NMU will soon get a taste of Pakistani rock. Referred to as “The U2 of Pakistan,” Junoon defines Sufi rock, the type of music the band is famous for. Their music uniquely blends energetic guitar with lyrics about world issues, sung mostly in the Urdu language.
Dan Truckey, director of the Beaumier Heritage Center and coordinator of the International Performing Arts Series at NMU found the band by accident. After researching to find more information
about Junoon, he thought they would be a great first act for the year.
“We decided to select them for the series after the UNITED Conference approached the International Performing Arts Series about a joint concert,” he said. “They were looking for such an artist: a group from another part of the world whose music dealt with the issues of tolerance, social justice, and coexistence of different faiths.”
Truckey says audience members can expect a very electric performance from Junoon.
“They will rock,” he said. “In addition, this will be a very spiritual performance, not in a religious way, but rather as an expression of humanity and the ties that bind all human beings.”
Junoon’s musical inspirations include Jimi Hendrix and Led Zeppelin. In the past they have performed with Alicia Keys, Sting, Wyclef Jean, and Melissa Etheridge. Salman Ahmad, singer/ lead guitarist and founder of Junoon, co-wrote and recorded, “Ring the Bells” with Etheridge.
“Salman Ahmad believes very strongly in music as both an expression of faith and as a way of bringing people together,” Truckey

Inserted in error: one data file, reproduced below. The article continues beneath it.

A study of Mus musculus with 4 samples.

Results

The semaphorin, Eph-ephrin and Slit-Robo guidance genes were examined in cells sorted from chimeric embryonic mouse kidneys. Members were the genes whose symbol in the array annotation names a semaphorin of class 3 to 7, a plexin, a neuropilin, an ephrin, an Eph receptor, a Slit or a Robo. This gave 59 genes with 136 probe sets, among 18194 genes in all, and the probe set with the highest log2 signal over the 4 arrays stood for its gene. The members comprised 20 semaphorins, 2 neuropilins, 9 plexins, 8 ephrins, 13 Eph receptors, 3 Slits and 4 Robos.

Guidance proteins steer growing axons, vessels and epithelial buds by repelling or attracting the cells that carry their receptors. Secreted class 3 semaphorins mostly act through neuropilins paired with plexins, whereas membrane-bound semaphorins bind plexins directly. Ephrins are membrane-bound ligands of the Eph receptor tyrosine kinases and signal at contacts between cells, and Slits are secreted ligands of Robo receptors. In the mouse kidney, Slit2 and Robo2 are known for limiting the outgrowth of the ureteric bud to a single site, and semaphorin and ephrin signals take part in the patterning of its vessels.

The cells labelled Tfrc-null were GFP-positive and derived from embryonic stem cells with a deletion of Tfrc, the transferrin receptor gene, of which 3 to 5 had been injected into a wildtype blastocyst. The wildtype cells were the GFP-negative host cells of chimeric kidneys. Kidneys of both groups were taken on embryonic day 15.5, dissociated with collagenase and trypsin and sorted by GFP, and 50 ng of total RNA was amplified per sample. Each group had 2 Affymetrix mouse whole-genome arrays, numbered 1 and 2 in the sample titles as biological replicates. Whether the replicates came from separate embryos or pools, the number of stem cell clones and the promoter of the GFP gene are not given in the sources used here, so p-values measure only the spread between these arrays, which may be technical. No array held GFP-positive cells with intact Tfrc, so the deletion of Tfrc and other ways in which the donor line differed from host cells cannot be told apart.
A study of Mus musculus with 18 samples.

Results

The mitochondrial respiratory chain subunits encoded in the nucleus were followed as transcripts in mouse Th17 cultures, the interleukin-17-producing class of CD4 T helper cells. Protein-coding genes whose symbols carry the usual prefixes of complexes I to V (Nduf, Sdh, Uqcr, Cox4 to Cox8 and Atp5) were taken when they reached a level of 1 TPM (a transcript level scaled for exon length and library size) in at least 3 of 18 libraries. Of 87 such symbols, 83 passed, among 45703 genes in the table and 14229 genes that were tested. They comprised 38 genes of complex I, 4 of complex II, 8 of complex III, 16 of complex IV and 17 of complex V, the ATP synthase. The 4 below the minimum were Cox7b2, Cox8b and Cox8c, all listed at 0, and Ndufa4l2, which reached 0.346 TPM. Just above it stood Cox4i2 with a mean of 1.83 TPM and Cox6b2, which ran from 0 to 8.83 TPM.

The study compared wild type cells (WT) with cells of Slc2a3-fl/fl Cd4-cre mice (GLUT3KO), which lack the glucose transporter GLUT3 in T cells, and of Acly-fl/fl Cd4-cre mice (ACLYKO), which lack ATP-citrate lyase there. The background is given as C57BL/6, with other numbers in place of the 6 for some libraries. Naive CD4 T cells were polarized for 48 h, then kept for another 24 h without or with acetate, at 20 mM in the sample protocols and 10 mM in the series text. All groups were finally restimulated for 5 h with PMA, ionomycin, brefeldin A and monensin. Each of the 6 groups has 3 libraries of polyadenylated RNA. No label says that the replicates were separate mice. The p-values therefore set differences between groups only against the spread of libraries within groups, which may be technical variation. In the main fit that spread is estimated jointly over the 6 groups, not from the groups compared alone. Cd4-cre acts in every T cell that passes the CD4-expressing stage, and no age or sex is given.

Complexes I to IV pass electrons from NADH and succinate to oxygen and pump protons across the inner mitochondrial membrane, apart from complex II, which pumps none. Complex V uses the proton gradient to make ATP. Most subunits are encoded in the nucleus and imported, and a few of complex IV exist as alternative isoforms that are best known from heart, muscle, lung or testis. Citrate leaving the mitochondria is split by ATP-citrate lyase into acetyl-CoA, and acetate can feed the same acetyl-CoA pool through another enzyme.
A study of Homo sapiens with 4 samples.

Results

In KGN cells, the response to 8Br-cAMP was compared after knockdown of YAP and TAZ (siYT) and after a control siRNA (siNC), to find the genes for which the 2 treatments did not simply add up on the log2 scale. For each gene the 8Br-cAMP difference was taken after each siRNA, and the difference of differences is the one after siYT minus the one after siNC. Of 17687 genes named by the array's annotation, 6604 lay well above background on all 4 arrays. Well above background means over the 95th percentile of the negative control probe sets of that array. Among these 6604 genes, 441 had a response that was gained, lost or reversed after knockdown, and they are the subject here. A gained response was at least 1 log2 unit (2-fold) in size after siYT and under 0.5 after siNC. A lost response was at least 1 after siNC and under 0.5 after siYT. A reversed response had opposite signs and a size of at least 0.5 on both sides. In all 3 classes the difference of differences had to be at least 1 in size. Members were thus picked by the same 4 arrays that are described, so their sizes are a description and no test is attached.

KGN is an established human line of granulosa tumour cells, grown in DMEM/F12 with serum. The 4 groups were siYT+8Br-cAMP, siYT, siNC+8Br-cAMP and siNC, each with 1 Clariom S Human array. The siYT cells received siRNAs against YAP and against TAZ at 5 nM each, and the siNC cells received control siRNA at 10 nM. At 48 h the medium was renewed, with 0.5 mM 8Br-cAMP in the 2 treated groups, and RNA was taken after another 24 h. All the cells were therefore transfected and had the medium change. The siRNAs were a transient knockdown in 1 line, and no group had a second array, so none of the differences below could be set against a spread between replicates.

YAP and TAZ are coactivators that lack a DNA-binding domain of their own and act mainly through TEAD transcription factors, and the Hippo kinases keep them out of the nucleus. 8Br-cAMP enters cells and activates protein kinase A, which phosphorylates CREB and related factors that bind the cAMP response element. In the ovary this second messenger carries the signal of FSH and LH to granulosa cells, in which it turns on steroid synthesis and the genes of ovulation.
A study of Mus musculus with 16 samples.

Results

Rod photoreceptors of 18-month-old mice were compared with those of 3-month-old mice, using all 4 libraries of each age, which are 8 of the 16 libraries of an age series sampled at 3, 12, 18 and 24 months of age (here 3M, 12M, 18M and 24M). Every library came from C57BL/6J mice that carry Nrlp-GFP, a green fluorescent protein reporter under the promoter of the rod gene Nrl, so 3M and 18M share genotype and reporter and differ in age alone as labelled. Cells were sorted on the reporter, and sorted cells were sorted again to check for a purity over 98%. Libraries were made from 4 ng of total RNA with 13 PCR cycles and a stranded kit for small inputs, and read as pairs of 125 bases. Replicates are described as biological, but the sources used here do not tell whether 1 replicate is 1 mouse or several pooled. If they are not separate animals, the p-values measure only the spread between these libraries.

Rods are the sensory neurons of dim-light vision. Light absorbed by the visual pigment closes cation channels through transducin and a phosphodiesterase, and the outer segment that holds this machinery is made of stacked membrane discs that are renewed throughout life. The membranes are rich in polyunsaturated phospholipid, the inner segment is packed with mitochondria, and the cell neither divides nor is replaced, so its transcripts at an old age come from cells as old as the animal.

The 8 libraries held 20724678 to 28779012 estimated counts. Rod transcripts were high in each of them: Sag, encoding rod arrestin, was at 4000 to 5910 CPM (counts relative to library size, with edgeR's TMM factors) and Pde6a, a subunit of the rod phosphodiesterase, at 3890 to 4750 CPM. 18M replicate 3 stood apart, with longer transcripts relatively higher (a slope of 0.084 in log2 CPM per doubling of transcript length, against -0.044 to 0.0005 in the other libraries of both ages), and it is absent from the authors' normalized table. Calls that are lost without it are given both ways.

Ahmad is a UN Goodwill Ambassador for HIV and AIDS. Junoon’s involvement in world issues and their desire for peace strongly influences their lyrics. Ahmad will present a discussion on global wellness and his work as a UN Ambassador at the UNITED Conference in the Great Lakes Rooms on Wednesday, Sept. 30 at 8 p.m. the day before the concert.
“I think Salman Ahmad will really be a highlight of the conference,” said associate professor Judy Puncochar, who is also chair of the UNITED Conference. “It’s exciting to be with someone who can capture the attention of so many people with his music and with his message of peace and good health. Having him here at Northern is an honor and certainly an opportunity for Northern students to meet someone who is quite famous internationally and has done a great deal for the world.”
Junoon will take the stage at 7:30 p.m. on Thursday, Oct. 1 at the Kauffman Auditorium. Students can get tickets in advance for $5 or $6 at the door. Faculty, staff, and seniors age 60 and over will be charged $13 in advance and $15 at the door, while all other general public will be charged $18 and $20.